A DEAD tree on a Henley street is set to be removed after a campaign by residents
A DEAD tree on a Henley street is set to be removed after a campaign by residents who fear it could fall on their homes.
Lynda Thornton Hunt, of River Terrace, gathered support from her neighbours in asking South Oxfordshire District Council to remove the tree protection order on the 25ft high cedar tree.
Her petition, signed by 19 residents of the street, was delivered to Robinson Sherston, the managing agents for the property where the tree stands, as the owner lives abroad.
Mrs Thornton Hunt, a physhiotherapist, said: “The petition is to make the district council aware of the need to remove the tree protection order and their liability for any damage caused by the dead cedar tree.
“It records that should any damage be caused to any property here, be that boats, cars or the premises, the freeholder will be responsible.”
Mrs Thornton Hunt has lived on the street since the tree was planted about 25 years ago but first noticed needles falling from it about a year ago. She said: “We knew it was dying because we were being showered by needles. We would wake up in the morning and there would be a carpet of needles everywhere.
“A large branch could break off in the wind or a storm. It’s a danger to property and to life. All the residents feel the same about it.
“It is a danger for cars parked in the road, people driving or walking by and boats on the river because it’s a tall tree. If the windÂ blew the other way it would damage our properties.”
Mrs Thornton Hunt had the tree examined by arboriculturalist Hugo Loudon, who runs Heritage Tree Services in in Stoke Row.
Mr Loudon said: “The cedar tree has struggled due to the built up infrastructure around it which would have produced an insufficient rooting soil which is needed for a predicted long lifespan. Additionally, the subsequent building work, maintenance and landscaping around it produced a very unfriendly tree environment and physiologically this will put the tree into stress and it will exhaust itself.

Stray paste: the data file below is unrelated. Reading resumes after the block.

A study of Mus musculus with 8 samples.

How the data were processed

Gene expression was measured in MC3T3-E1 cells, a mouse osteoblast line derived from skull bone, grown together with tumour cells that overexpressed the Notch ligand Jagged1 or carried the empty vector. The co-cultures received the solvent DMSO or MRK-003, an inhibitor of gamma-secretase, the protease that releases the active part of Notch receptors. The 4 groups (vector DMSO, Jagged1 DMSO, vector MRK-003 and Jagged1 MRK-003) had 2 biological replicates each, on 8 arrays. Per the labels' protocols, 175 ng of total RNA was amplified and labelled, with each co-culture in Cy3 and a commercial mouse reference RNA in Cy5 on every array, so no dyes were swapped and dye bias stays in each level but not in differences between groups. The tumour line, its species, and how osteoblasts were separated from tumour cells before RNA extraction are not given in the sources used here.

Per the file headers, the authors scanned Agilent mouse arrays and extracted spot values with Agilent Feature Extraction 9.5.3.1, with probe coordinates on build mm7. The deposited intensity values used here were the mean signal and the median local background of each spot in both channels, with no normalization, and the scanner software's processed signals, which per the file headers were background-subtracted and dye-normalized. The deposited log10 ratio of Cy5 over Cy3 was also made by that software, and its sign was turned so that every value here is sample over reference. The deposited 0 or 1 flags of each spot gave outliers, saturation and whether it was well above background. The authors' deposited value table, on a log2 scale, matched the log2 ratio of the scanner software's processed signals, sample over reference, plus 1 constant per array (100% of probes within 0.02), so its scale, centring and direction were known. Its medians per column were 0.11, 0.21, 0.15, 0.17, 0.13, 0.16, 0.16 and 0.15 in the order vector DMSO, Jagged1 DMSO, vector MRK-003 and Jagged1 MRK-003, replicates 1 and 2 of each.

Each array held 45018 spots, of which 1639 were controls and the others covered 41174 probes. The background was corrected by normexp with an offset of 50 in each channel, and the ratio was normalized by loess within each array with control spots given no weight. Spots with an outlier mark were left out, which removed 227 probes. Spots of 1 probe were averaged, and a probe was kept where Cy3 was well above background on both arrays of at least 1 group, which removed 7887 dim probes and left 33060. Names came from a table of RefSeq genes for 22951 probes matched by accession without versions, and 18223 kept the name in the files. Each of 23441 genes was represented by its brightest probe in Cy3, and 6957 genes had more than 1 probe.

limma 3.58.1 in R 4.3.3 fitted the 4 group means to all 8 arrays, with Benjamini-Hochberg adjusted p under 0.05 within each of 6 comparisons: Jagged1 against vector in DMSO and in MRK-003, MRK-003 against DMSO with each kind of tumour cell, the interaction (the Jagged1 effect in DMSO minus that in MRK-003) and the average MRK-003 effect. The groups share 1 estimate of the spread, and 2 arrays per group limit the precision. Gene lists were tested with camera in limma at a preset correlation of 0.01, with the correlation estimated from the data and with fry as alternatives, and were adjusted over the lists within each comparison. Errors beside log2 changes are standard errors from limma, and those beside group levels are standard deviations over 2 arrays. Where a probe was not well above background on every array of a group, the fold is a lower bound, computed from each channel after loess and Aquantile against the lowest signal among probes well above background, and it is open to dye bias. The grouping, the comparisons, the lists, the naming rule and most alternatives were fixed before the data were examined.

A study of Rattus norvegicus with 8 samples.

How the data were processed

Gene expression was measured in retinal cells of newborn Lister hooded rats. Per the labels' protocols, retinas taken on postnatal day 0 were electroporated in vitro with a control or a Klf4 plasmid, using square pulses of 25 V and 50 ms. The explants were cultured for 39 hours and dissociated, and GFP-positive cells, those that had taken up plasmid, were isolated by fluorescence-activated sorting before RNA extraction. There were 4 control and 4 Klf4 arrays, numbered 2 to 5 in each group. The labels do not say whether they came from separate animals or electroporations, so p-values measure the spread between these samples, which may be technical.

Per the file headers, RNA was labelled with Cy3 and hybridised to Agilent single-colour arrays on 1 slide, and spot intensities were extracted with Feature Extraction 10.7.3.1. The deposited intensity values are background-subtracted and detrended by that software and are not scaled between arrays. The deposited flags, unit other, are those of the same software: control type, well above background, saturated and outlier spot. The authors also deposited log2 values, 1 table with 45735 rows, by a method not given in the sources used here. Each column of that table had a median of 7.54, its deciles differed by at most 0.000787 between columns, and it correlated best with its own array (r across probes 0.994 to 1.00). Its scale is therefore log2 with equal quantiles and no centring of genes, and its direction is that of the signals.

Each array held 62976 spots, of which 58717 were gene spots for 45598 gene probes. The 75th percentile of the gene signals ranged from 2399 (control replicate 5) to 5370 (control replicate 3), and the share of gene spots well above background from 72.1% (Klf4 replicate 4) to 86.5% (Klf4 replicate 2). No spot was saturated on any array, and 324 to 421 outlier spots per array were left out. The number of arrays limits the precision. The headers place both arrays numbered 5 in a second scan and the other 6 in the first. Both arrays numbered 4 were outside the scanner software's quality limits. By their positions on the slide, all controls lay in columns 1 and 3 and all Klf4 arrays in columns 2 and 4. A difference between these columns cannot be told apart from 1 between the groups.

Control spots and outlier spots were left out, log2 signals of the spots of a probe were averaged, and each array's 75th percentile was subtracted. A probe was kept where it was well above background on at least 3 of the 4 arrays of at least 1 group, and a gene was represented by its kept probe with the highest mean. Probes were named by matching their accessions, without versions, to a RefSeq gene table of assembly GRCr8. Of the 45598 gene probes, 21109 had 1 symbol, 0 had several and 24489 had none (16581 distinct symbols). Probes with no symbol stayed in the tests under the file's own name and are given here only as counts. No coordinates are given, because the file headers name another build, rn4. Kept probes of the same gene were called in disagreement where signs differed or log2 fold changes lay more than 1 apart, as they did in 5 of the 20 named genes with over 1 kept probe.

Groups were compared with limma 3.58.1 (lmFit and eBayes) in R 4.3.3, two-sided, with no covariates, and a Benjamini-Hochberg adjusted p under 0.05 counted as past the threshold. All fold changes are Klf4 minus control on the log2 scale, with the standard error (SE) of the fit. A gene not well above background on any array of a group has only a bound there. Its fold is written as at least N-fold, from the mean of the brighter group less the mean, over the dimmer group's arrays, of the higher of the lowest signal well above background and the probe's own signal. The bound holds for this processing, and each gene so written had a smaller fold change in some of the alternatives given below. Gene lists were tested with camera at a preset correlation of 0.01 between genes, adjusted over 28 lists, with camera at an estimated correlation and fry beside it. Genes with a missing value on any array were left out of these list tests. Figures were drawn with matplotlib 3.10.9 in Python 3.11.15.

“The tree has now died and hopefully it will be replaced with a suitable specimen to complement the road, river and properties in the neighbourhood.
“Obviously it is prudent to organise the removal of a dead tree but while it will lose its dynamic properties and become more rigid, it is not going to be catastrophically dangerous for another couple of months.
“However, it is better to be proactive and organise the removal and replacement before it becomes brittle or has deteroriated to the point where branches could fall or become unstable.”
Mrs Thornton Hunt also reported her concerns to Henley town councillor Will Hamilton.
He said: “The district council has looked at the tree and agreed that it does need to come down. This should happen in the next couple of weeks. It is not a safety issue at the moment but we are keeping an eye on it.”
Charles Thomasson, lettings and management manager for Robinson Sherston in Bell Street, said he hoped the tree would be removed in the next few weeks.
He said: “We had the tree inspected and we are just about to put in an application to the council for consent to have it removed but there is likely to be a condition to replace it with a different tree.
“The tree was in good health until autumn last year and we don’t know why it started to die.
“We would like to get it taken down in the next few weeks before autumn starts.”
A district council spokesman said: “In July the management company contacted us regarding a cedar tree at River Terrace which was causing concern. We advised them that the tree should be inspected by an arboriculturalist.
“Subsequently the inspection recommended that the tree should be monitored for a further three months.
“Since then the tree has declined further and we have advised them that it will need to be removed.”
He said that because the tree was covered by a preservation order, Robinson Sherston needed to submit a tree removal application, which it had done. This had been approved.